P.S. 116 in New York City has stopped assigning homework to its students, instead recommending they “read books and spend time with their family.”

“The topic of homework has received a lot of attention lately, and the negative effects of homework have been well established,” Principal Jane Hsu wrote in a letter to parents.

These negative effects, according to Hsu, include “frustration and exhaustion, lack of time for other activities and family time and, sadly for many, loss of interest in learning.”

DNAinfo New York reports:

Hsu explained that the school spent more than a year “analyzing studies focused on the effects of traditional homework” and decided that it was more important for the Pre-K through fifth grade students to do activities that “have been proven to have a positive impact on student academic performance and social/emotional development” such as reading at their own pace and playing.

“In fact, you may be surprised to learn that there have been a variety of studies conducted on the effects of homework in the elementary grades and not one of them could provide any evidence that directly links traditional homework practices with current, or even future, academic success.”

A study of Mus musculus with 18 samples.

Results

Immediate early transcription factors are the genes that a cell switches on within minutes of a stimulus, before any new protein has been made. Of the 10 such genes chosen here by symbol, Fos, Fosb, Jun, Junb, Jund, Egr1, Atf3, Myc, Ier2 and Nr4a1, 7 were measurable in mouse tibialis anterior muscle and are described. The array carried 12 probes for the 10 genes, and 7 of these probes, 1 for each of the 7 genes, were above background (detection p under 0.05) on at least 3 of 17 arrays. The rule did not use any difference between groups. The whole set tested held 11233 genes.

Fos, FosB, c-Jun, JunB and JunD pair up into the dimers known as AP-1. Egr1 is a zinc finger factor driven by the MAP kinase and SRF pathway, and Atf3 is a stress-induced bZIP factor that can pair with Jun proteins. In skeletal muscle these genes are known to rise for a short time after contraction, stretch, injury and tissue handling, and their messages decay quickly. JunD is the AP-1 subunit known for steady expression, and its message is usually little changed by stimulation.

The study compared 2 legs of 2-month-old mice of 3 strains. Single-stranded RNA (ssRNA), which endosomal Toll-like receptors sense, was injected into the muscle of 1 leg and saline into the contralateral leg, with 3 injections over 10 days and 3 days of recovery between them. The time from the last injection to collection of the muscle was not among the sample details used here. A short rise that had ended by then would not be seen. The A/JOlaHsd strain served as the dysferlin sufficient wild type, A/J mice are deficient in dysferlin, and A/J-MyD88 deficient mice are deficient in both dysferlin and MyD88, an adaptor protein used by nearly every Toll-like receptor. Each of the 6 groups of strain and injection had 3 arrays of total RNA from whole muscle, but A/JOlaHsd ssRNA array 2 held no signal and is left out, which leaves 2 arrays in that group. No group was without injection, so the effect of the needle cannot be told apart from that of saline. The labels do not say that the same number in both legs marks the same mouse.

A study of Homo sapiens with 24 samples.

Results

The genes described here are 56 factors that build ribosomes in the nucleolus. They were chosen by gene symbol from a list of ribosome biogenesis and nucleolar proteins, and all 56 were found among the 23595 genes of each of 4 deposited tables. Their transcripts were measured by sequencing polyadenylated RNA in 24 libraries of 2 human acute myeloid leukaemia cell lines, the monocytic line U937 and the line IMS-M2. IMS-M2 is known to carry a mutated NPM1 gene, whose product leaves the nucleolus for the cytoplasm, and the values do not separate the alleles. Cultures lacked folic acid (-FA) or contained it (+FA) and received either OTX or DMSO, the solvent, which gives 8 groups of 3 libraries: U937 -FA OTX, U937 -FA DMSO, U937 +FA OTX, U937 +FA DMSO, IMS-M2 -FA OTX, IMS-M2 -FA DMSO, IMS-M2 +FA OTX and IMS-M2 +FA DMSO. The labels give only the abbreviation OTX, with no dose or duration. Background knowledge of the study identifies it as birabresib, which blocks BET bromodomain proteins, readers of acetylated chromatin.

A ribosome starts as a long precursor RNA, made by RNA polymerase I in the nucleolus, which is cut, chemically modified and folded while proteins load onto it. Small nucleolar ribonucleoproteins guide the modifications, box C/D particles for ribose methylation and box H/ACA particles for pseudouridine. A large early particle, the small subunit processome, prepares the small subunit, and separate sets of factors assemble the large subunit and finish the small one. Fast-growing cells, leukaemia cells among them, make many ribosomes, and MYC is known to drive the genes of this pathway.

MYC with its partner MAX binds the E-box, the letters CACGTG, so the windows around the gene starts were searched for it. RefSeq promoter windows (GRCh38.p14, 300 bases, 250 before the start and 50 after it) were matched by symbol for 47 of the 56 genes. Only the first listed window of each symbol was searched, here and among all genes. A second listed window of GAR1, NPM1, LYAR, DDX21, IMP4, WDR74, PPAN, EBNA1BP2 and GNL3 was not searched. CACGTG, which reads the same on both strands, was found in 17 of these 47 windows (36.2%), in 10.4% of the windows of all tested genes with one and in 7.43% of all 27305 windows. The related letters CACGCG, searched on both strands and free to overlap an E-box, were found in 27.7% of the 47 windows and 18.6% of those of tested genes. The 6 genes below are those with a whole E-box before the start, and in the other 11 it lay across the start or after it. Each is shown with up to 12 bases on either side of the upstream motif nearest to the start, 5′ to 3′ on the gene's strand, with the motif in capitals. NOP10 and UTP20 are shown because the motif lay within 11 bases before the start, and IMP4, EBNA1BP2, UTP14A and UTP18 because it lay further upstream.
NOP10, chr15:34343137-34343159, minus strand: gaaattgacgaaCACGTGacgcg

The change in homework policy is not going over well with parents, who have threatened to yank their kids from the school for fear they won’t learn enough.

“They didn’t have much to begin with, but now homework is obsolete,” said Daniel Tasman, father of a second-grader at P.S. 116.

“They’ve decided that giving homework to younger ages [elementary school students] isn’t viable. I don’t necessarily agree. I think they should have homework — some of it is about discipline. I want [my daughter] to have fun, but I also want her to be working towards a goal.”

Some parents said they have begun giving their children homework which they’ve created themselves.

Principal Hsu said P.S. 116’s School Leadership Team did research into assigning homework in the elementary years, and found “no link” between homework and academic success.

Read the full article.

h/t to Education Week.

Associate Editor
Dave has been writing about education, politics, and entertainment for over 18 years, including a stint at the popular media bias site Newsbusters. He is a retired educator with over 25 years of service and is a member of the National Association of Scholars. Dave holds undergraduate and graduate degrees from the University of Delaware.